Talking with family about your child's learning disability


Talk with siblings

Talking to the brother or sister of your child with LD may be the hardest job of all. Siblings often feel jealous of all the extra attention a child with LD needs — extra help on homework, tutoring, time spent at school — and may be quick to express anger or make comments that can hurt. Parents have to balance the demands of all their children, not just those with special needs.

When speaking to a sibling, consider the age of the child, use language that's easy to understand, and speak positively and factually. Reassure all your children that each one is special and loved and find ways to show them you mean what you say. The structure and positive discipline that help kids with LD function better can benefit all kids in the family. So have routines apply to everyone, and that way no one will feel singled out or left out!

Dealing with denial

You may feel sure a certain family member loves your child. So why can't she understand his special needs? You may gain insight if you ask yourself some questions about the person who's in denial.

  • Is she afraid for your child? Does she find it too upsetting to think about the problem and how it might affect your child's chances for success?
  • Does she feel guilty because she wasn't sympathetic enough to your child's struggles in the past?
  • How was she brought up as a child? How were individual differences recognized and addressed in her family?
  • Did she have trouble learning as a child, too? Since LD often runs in families, will she now have to face her own problem?
  • Did you overwhelm her with too much information? Some family members don't need to understand every detail in order to help.

If your spouse or partner denies the problem, it can put distance between your child and him. Your child may feel rejected if a parent accuses him of being lazy or stupid. Or your spouse may blame the problem on your family or your parenting skills. Either of these reactions can have a harmful effect on your child and your marriage.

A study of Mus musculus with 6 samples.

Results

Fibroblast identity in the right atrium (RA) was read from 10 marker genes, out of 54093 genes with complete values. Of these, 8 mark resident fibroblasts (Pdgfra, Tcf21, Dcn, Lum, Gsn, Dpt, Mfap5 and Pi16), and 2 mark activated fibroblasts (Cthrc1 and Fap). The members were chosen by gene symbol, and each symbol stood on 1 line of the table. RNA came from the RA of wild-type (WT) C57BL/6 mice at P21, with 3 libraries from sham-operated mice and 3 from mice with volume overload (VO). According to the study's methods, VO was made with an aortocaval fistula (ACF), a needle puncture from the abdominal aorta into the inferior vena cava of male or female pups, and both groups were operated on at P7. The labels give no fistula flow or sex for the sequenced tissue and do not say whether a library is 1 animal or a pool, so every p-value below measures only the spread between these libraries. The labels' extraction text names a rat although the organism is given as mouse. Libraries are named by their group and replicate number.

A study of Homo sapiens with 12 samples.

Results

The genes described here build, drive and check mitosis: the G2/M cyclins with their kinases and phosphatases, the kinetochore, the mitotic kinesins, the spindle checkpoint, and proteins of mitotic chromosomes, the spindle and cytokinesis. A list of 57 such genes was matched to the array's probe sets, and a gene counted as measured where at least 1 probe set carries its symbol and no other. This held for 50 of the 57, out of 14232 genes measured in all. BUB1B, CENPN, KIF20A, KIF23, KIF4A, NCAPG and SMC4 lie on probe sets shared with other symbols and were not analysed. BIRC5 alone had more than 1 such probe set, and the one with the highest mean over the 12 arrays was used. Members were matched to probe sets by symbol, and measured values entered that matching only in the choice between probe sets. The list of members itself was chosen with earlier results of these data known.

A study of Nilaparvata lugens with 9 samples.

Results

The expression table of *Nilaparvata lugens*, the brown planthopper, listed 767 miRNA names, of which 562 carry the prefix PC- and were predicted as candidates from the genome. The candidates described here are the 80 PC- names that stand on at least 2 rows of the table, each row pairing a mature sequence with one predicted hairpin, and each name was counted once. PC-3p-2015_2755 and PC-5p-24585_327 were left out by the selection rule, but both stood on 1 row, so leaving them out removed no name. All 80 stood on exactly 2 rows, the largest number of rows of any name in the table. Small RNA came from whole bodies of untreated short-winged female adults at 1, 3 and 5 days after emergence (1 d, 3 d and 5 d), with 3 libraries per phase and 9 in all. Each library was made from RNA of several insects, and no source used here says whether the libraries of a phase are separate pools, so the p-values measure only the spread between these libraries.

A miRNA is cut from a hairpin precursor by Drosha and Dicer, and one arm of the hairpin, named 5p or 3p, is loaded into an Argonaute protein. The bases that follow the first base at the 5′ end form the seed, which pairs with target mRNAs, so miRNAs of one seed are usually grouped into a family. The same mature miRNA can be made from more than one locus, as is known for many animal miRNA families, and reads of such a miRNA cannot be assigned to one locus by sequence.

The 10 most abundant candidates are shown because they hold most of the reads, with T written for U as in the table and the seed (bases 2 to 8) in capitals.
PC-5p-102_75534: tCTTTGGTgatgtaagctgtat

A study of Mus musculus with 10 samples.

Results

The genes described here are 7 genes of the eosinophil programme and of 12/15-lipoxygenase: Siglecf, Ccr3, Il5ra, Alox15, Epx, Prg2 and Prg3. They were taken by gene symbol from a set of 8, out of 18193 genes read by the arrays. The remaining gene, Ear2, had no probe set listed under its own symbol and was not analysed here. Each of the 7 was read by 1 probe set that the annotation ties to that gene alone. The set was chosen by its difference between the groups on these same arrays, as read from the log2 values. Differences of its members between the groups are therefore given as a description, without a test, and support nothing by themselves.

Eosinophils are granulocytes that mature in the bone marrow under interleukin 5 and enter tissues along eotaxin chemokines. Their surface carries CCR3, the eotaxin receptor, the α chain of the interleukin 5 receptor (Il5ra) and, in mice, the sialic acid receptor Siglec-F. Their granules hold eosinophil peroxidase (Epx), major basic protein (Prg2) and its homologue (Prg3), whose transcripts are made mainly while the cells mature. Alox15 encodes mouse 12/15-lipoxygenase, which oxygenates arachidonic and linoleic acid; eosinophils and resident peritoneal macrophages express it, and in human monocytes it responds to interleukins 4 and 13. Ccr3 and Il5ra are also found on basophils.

If your spouse can't accept what you're telling him, perhaps another family member or a trusted teacher could help him understand. If communication about your child's problem doesn't improve, consider professional marriage and/or family counseling right away.

Once your spouse seems receptive, help him learn what LD is and what it is not. When he seems ready, help him discover ways to get involved.

As you reflect on possible reasons for each family member's reaction, you'll think of better ways to approach each of them. For instance, if your mother sometimes cares for your child after school, she may want to know some basic tips for helping him with his homework. But explaining your child's Individualized Education Program (IEP) may overwhelm her.

Remember that you had to work through your own feelings — some of them painful — to face your child's LD. Allow family members time and space to work through their feelings, too.

Kristin Stanberry is a writer and editor specializing in parenting, education, and consumer health/wellness issues. Her areas of expertise include learning disabilities and AD/HD, which she wrote about extensively for Schwab Learning and GreatSchools.